Who’s Left?

New York Times crossword puzzle Oct. 27 / Constructed by Brendan Emmett Quigley

Greetings from the quiet car of Amtrak’s Keystone train (shhhh!), which is carrying me swiftly southward from the heart of Puzzleland back to Philadelphia.

Today’s crossword will put you on a first-name basis with nearly a dozen people whose names are hidden in the grid. But who are they, and why have they been left behind (as the title says)? I’m afraid I can only answer the first half of that question.

By my reckoning, those remaining are GRACE, JAMES, ALEX, PETER, MARIA, SARAH, CLAIRE, EVAN, KYLE and STELLA. Their names are found in the circled squares of the theme answers – but the catch is you have to read them backward, or going “left.” So GRACE is hidden in the THREE-CAR GARAGE at 23 Across (“McMansion’s storage.”), and ALEX is embedded in PIXELATED at 39 Across (“Dotty?”).

Others: LESE MAJESTE (“Attack on sacred custom,” 37 Across), CONCRETE PUMP (“Piece of road-construction equipment,” 50 Across), FAIR AMOUNT (“Lot,” 67 Across) and HARASSMENT (“Badgering,” 69 Across).

More: AERIAL COMBAT (“What the Red Baron engaged in,” 80 Across), ON AVERAGE (“Generally speaking,” 91 Across), WIDELY KNOWN (“Famous,” 96 Across) and BALLET SLIPPERS (“They may keep you on your toes,” 113 Across).

Blogging in Amtrak's quiet car. Shhhh! (Photo by Jim MacMillan)
Blogging in Amtrak’s quiet car. Shhhh! (Photo by Jim MacMillan)

So … it is interesting wordplay, I guess. But I’m left wanting a little bit more. Are these names related somehow? Famous people who are left-handed, perhaps? Anyone?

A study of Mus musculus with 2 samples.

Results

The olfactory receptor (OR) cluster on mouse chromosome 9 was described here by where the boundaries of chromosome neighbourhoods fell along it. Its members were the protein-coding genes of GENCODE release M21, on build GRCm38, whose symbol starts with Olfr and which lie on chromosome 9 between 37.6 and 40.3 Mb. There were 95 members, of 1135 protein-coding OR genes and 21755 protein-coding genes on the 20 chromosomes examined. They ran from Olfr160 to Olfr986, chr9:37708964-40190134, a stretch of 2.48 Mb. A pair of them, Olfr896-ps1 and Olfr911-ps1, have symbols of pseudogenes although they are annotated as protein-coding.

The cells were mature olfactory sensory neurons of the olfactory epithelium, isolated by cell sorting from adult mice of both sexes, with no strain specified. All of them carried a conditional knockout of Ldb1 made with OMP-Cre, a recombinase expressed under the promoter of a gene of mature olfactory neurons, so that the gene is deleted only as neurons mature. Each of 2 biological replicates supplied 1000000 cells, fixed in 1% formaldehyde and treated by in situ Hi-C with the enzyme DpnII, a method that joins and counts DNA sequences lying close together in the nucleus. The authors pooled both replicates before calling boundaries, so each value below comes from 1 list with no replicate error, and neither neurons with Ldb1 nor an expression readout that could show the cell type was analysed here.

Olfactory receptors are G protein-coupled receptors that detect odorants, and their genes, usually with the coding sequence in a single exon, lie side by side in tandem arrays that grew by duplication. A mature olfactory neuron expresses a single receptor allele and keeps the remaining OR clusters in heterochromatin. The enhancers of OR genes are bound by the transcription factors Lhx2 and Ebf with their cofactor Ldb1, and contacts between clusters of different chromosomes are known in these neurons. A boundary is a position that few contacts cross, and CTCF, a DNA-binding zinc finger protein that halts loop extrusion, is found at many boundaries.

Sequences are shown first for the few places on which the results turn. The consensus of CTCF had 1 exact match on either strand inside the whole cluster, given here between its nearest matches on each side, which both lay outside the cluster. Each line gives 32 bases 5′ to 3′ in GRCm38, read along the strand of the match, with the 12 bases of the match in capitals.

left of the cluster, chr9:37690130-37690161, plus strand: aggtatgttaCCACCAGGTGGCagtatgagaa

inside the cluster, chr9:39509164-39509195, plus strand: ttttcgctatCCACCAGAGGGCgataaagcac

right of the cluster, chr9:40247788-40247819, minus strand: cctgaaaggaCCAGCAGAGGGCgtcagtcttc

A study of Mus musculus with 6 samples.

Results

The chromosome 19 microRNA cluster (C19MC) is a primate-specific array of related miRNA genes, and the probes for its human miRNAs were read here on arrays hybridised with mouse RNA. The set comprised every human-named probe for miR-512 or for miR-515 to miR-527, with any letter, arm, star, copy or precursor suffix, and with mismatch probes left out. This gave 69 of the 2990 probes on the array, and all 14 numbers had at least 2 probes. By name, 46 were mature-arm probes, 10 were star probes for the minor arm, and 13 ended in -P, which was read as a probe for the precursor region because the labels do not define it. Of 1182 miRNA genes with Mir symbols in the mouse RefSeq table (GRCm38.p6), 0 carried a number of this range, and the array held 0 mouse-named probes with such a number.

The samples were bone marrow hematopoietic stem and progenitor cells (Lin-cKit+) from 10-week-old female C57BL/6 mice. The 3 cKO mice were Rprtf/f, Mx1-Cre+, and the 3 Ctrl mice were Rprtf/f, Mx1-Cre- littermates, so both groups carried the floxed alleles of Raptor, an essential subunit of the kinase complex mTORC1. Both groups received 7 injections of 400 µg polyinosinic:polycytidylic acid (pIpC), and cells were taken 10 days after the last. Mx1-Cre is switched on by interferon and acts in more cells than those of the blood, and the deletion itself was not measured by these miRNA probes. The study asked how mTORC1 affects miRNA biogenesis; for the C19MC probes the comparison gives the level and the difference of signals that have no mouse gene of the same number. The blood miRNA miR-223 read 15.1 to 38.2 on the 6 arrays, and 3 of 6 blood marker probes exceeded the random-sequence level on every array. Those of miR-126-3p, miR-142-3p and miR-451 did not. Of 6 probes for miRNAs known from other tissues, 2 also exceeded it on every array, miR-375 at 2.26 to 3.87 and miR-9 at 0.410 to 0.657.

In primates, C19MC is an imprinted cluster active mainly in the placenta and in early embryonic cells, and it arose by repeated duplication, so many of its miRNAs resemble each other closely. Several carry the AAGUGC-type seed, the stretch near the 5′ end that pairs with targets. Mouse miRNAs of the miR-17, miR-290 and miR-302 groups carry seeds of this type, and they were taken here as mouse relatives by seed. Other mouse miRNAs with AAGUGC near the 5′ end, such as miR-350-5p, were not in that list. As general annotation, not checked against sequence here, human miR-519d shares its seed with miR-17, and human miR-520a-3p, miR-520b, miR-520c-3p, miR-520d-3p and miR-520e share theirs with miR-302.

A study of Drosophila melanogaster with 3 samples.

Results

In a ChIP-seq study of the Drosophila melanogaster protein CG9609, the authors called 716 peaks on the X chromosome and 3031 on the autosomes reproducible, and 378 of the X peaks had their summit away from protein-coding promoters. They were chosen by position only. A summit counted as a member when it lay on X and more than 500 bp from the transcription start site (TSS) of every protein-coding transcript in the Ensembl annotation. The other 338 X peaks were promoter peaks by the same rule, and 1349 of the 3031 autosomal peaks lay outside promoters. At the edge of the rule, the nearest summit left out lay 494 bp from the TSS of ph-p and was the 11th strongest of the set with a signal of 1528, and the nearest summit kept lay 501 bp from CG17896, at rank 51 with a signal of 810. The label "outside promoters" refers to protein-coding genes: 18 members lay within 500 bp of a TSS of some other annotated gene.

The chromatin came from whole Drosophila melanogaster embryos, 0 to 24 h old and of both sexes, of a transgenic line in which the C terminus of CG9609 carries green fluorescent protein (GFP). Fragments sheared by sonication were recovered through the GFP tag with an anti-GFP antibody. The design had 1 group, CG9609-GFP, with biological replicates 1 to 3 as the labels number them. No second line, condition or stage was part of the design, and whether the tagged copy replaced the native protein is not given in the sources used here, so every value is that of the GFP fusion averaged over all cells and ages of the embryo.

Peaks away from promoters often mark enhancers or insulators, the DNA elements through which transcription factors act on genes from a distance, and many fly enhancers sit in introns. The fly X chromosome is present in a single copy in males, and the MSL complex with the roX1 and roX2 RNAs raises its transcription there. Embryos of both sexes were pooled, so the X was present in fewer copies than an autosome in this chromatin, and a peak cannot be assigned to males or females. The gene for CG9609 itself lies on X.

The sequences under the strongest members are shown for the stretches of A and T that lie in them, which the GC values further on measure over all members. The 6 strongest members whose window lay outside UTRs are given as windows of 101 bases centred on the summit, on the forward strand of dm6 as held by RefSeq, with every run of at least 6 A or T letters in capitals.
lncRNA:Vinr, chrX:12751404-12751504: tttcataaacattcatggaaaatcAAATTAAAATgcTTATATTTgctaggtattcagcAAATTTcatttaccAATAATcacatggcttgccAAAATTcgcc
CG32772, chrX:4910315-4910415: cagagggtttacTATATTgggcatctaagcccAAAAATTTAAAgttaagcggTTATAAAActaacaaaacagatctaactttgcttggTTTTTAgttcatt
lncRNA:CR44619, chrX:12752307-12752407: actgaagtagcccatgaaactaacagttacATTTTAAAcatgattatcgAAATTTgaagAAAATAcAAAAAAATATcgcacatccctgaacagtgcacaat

Monikers Dept.: Other names in the puzzle that aren’t part of the theme include ISAO AOKI (“Golfer nicknamed Tower,” 65 Down), BURGESS (“British novelist Anthony,” 3 Down) and MAHLER (“‘Das Lied von der Erde’ composer,” 68 Down).

On The Menu Dept.: The doubled clue “Bar food?” yields both SALADS (14 Across) and OYSTER (91 Down). “Cajun dishes” are GUMBOS (95 Down). And you can file this under “Yuck”: STOLI is “Vodka with a Chocolat Razberi flavor” (64 Across).

Scene Of The Crime Dept.: I don’t think I’ve ever watched the network drama “CSI,” or any of its many spinoffs, but maybe I should. According to 88 Across, it’s a “TV series for which Quentin Tarantino has written and directed.”

Athletic Dept.: The grid featured the NFL (“Lamar Hunt Trophy org.,” 84 Down), the PGA (“___ Tour,” 111 Across) and the minor-league AHL (“Rink org.,” 114 Down). It also had a reference to SPACE JAM, the film starring retired NBA superstar Michael Jordan and Bugs Bunny (“Jordan feature,” 105 Across).

Tripped Up Dept.: Speaking of jams, I puzzled my way out of one after too-quickly entering HEE for 45 Across (“‘___-haw!'”). That left me with an errant H that, for a while, kept me from figuring out the answer for 33 Down. Eventually I figured HEE had to be YEE, making 33 Down the punny PEYOTE (“Provider of a trip across a desert?”).

Say What? Dept: Never heard of the word COHERER (“Primitive radio receiver,” 2 Down), which I got from crossing answers, including the equally awkward PC BOARD (“Etched computer component,” 1 Across).

Wildlife Dept.: “Cat calls” are the terribly spelled MIAOWS (73 Down). And was anyone familiar with HART (“Antlered animal,” 69 Down)? I know some of my deer terms – buck, doe, fawn. But HART? Arrrrgh.

Notes Dept.: This blog post has been updated to add a photo.

Need some solving tips and tricks? I’ve posted some here. Feel free to ask questions or leave comments below. You can also visit my Facebook page, or tweet me @crosswordkathy.


  1. “Hart” is in fact a common name for a male deer (female is “hind”), more common in England. The mead-hall where much of the action in “Beowulf” takes place is “Hart Hall,” in the OE spelling “Heorot.” Shakespeaare punned “hart” and “heart” somewhere in “Twelfth Night.” The word is in “The Hobbit” several times. A place where deer routinely cross a river is a “Hartford,” which gives rise to some town names.

  2. Wow, Danny – thanks! Now that you mention it, I think I have heard the term “hind.” But I’ve driven through Hartford, Conn., many times and never thought about the origin of its name.